Short-term toxicity to fish


Description of key information

Freshwater: 96 hour LC50 3.9 mg a.i./L, Oncorhynchus mykiss, EPA OPP 72-1, EPA 540/9-85-006, ASTM Standard E729-88a, Drottar & Swigert 1996a
Saltwater: 96 hour LC50 4.6 mg a.i./L, Cyprinidon variegatus, EPA OPP 72-3, EPA 540/9-85-009 and ASTM E729-88a, Roberts & Swigert 1996

Key value for chemical safety assessment

Fresh water fish

Fresh water fish
Effect concentration:
3.9 mg/L

Marine water fish

Marine water fish
Effect concentration:
4.6 mg/L

Additional information

Two studies have been provided to address short term toxicity to fish in freshwater and one study to address acute toxicity in marine water.

Drottar & Swigert (1996a) and Drottar & Swigert (1996b) determined the 96 hour LC50 for the test material in the freshwater species Oncorhynchus mykiss and Lepomis macrochirus respectively. Both studies were performed in freshwater under flow-through conditions. The analytical confirmed concentrations ranged from 1.5 to 8.3 mg a.i./L in the first study and from 1.4 to 9.3 mg a.i./L in the second study. O. mykiss was shown to be the more sensitive species with a LC50 value of 3.9 mg a.i./L, whereas the LC50 was determined to be greater than the highest concentration tested for L. macrochirus, > 9.3 mg a.i./L.. Based on mortality and clinical signs of toxicity the NOEC was considered to be 2.5 mg a.i./L for O. mykiss and 3.6 mg a.i./L for L. macrochirus respectively. As O. mykiss is the standard species, and the results from this study are more worst case, this study has been considered to be the key study for freshwater fish and the LC50 value from this study of 3.9 mg a.i./L has been taken forward for risk assessment.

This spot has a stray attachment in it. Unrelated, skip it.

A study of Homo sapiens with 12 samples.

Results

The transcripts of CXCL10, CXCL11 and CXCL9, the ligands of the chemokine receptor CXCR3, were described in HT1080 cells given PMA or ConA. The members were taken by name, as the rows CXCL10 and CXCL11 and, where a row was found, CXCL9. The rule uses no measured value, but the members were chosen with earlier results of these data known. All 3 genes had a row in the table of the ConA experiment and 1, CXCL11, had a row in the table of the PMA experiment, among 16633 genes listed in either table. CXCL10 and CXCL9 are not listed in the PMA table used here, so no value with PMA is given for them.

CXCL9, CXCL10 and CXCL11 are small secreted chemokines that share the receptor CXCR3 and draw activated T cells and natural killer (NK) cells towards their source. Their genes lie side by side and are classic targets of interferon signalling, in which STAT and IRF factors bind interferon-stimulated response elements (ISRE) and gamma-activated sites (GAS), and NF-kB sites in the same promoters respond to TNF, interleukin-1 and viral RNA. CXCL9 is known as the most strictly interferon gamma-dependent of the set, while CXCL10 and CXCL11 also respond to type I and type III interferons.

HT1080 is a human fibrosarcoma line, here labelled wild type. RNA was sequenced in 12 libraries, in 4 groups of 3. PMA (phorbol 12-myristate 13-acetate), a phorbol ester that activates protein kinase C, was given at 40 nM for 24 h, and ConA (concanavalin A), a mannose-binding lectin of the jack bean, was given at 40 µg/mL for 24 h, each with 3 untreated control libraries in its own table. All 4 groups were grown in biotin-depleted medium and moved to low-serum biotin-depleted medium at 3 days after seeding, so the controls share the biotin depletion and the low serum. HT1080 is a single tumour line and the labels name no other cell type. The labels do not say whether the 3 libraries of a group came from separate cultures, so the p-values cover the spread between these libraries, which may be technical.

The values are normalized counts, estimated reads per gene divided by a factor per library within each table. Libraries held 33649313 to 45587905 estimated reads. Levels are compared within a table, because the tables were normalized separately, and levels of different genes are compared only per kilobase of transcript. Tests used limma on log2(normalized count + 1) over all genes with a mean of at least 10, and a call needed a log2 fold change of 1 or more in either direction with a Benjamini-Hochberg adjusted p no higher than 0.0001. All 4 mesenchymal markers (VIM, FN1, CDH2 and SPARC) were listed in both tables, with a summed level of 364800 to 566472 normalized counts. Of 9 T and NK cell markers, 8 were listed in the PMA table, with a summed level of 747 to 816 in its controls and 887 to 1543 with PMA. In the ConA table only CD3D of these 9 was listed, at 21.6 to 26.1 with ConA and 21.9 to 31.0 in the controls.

The short-term toxicity to marine fish was determined in an acute toxicity study performed on Cyprinodon variegates, in line with GLP and in accordance with the standardised guidelines EPA OPP 72-3, EPA 540/9-85-090 and ASTM E729-88a. Organisms were exposed to the test material at measured concentrations of 0.96, 1.5, 2.6, 3.9 and 4.6 mg a.i./L under flow-through saltwater conditions for 96 hours. Under the conditions of the test mortality was observed at concentrations ≥ 3.9 mg a.i./L. By termination mortality had reached 5% and 50% in the 3.9 and 4.6 mg a.i./L exposure groups, respectively. Clinical and behaviour observations were noted at concentrations ≥ 3.9 mg a.i./L including surfacing and spotted discolouration. Based on these observation the 96 hour LC50was determined to be 4.6 mg a.i./L with 95% confidence limits of 4.4 and 5.1mg a.i./L. The NOEC were determined to be 2.6 mg a.i./L. The study is considered to be reliable, relevant and adequate for risk assessment purposes.

All studies were performed to a high standard, in line with GLP and in accordance with standardised guidelines. They have thus been assigned a reliability score of 1 in line with the principles for assessing data quality set out in Klimisch (1997). The available data are deemed to be relevant, reliable and adequate for the purposes of risk assessment.